May 1, 2013

Favorite kids' books: "Das fliegende Klassenzimmer" (Erich Kästner)

Boarding-school fiction, German-style.

Author: Erich Kästner
Title: Das fliegende Klassenzimmer ("The Flying Classroom")
First published: 1933
Illustrator: Walter Trier
Frequency of illustrations: 10 full-page pictures (b/w)
Pages (German edition): 176
Chapters: 15
Best age: 8 years plus
Editions: USA (Puffin / Penguin- out of print but still on Amazon); UK (Puffin / Penguin - out of print but also on Amazon); Germany (Dressler Verlag)


In the run-up to Christmas, five freshman-level friends at a boys' boarding school prepare for their self-scripted eponymous play about a school where lessons are taught "as they might really be in the future," i.e. on a plane flying around the world. Parallel to their rehearsals the boys get caught up in a long-standing fight against another school; reunite their favorite teacher with his long-lost childhood friend; and get into minor squabbles with the overbearing seniors. Each boy also deals with his own separate smaller and larger worries, including parental abandonment, perceptions of cowardice, and financial concerns.

Comments and thoughts

It was hard for me to settle on a specific Erich Kästner book to feature here first. I ultimately chose Das fliegende Klassenzimmer because it's deep and moving in a very un-kitsch way. All his books have philosophical elements to them, but here his "children's problems are serious too and deserve to be considered with merit" philosophy shines through the most.

At the same time, adults' concerns and issues are also part of the story, such as an old teacher whose tired jokes are mocked by the junior-level class (though since most of these kids are good at heart, they come to rue this terribly). The boys' problems and the ways they deal with them are realistic - I appreciate that though one of the seniors suddenly shows a softer side, his classmates mock him mercilessly for this change rather than also being more forgiving towards the underclassmen and teachers. I was actually surprised that the book was published back in 1933 since though it obviously takes place "in the past" (I can't imagine a modern story treating a massive brawl between students so matter-of-factly), the story is fairly timeless.

The framing story is slightly absurdist: in the last chapter, Kästner meets one of the boys from the story two years after the events, who is pleasantly surprised that the author wrote a story about it all. As a child, the degree to which disbelief should be suspended confused me. I remember wondering why in the world Kästner would want his readers to think that the story was real while at the same time making it clear that it patently wasn't. I also wondered if it could confuse some readers (when I was in sixth grade, we went on a school field trip to see a performance of Ravel's Bolero; the piece was introduced by a Maurice Ravel impersonator and about half the kids though he was the real deal...despite the fact that it said on the program we were all given that the piece was first performed in 1928). Reading it again, I think it's quite "meta" in the "we're all characters in a book and though it's fictional doesn't mean it's any less real" sense, and gives satisfying closure to the book.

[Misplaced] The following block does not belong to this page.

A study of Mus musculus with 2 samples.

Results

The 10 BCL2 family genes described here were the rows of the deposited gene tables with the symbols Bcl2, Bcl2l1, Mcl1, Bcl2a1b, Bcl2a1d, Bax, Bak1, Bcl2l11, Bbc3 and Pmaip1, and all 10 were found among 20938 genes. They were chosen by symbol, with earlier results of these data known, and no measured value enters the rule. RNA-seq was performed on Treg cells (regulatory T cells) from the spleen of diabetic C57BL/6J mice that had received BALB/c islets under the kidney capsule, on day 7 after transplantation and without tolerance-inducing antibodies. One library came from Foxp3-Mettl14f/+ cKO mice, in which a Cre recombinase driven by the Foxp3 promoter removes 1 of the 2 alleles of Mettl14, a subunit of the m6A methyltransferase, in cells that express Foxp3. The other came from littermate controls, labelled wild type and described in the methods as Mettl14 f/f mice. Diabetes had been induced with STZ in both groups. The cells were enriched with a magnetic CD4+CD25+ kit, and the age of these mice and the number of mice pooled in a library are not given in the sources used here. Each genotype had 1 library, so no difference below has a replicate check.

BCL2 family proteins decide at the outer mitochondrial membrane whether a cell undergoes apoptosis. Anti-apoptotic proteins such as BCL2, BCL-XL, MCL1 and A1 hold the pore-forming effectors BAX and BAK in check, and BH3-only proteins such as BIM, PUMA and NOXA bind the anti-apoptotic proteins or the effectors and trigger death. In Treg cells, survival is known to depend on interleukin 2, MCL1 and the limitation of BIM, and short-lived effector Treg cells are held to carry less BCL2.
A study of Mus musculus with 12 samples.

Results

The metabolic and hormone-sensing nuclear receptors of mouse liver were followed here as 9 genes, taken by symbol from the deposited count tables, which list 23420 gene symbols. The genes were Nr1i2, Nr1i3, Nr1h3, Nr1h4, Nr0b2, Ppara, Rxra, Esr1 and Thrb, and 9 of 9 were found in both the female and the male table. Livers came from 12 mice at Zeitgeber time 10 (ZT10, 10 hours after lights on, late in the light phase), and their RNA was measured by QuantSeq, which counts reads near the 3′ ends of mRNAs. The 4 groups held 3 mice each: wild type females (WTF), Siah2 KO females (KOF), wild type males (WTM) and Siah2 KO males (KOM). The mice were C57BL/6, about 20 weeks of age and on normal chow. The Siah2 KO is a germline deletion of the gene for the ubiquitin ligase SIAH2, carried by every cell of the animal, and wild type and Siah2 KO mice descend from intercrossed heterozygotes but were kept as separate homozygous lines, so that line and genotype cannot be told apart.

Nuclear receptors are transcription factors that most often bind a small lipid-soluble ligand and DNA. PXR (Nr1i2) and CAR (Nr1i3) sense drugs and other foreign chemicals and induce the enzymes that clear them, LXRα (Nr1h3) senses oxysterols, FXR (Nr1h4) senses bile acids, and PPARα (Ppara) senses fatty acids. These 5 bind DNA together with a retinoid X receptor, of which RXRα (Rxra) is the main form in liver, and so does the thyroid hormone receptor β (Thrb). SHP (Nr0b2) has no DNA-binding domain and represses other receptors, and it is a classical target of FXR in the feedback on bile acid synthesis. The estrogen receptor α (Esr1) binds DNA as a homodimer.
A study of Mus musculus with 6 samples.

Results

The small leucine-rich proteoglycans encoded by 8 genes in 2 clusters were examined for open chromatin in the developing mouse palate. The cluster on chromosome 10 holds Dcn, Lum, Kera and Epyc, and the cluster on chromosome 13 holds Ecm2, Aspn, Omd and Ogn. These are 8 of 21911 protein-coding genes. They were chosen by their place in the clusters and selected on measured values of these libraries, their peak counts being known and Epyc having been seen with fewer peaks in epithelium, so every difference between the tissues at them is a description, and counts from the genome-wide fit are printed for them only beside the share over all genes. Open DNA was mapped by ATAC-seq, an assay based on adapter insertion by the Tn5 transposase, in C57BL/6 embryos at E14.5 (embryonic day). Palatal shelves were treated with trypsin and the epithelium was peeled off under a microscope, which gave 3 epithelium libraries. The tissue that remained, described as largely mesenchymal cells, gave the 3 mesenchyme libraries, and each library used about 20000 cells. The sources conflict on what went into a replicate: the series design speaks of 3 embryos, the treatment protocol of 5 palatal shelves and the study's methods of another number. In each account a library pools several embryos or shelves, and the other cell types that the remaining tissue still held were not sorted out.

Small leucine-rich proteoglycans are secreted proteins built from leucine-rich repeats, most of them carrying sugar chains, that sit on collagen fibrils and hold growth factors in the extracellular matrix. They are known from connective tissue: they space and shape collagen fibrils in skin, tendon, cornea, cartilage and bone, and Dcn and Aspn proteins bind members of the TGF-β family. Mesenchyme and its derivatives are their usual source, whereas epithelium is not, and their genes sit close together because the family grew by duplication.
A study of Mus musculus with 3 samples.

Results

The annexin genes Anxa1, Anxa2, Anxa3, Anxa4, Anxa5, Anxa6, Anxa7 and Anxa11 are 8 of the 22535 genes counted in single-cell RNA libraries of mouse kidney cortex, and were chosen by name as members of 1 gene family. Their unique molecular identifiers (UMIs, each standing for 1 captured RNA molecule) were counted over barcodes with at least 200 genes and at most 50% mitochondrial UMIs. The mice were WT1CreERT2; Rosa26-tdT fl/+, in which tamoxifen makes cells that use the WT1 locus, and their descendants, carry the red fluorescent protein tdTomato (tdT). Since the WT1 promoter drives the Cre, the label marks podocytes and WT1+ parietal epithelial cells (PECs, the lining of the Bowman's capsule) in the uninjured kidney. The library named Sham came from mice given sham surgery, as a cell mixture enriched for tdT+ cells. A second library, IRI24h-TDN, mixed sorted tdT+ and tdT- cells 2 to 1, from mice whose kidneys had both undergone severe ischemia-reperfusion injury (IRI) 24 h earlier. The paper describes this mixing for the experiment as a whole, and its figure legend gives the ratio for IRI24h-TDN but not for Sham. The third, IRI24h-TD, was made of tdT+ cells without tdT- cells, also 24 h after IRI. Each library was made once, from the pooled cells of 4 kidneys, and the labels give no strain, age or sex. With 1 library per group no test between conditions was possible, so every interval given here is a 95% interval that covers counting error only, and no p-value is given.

I was also interested to read more about Kästner's relationship to the Third Reich. While I knew that he was banned from writing and saw his books burned in 1933 to combat "decadence and moral collapse" he didn't just continue to live in Berlin - he also continued to publish (albeit under pseudonyms). I find the whole notion of "Innere Emigration" (internal emigration, i.e. artists not leaving Germany during the Third Reich despite their moral opposition to the regime) a cop-out, so this severely tarnished my opionion of Kästner. And makes it even odder that his books are allegedly quite popular in Israel. On a more gossipy note, Kästner had an illegitimate son whom he acknowledged very reluctantly. [All this information is admittedly taken from his German and English Wikipedia entries.] Curiously, Kästner's illustrator Walter Trier was Jewish, but was able to emigrate first to the UK and then Canada. Back in the 90s, my mother and I saw some prints of his at a museum in or around Toronto - but I didn't know until now that he didn't leave Germany by choice.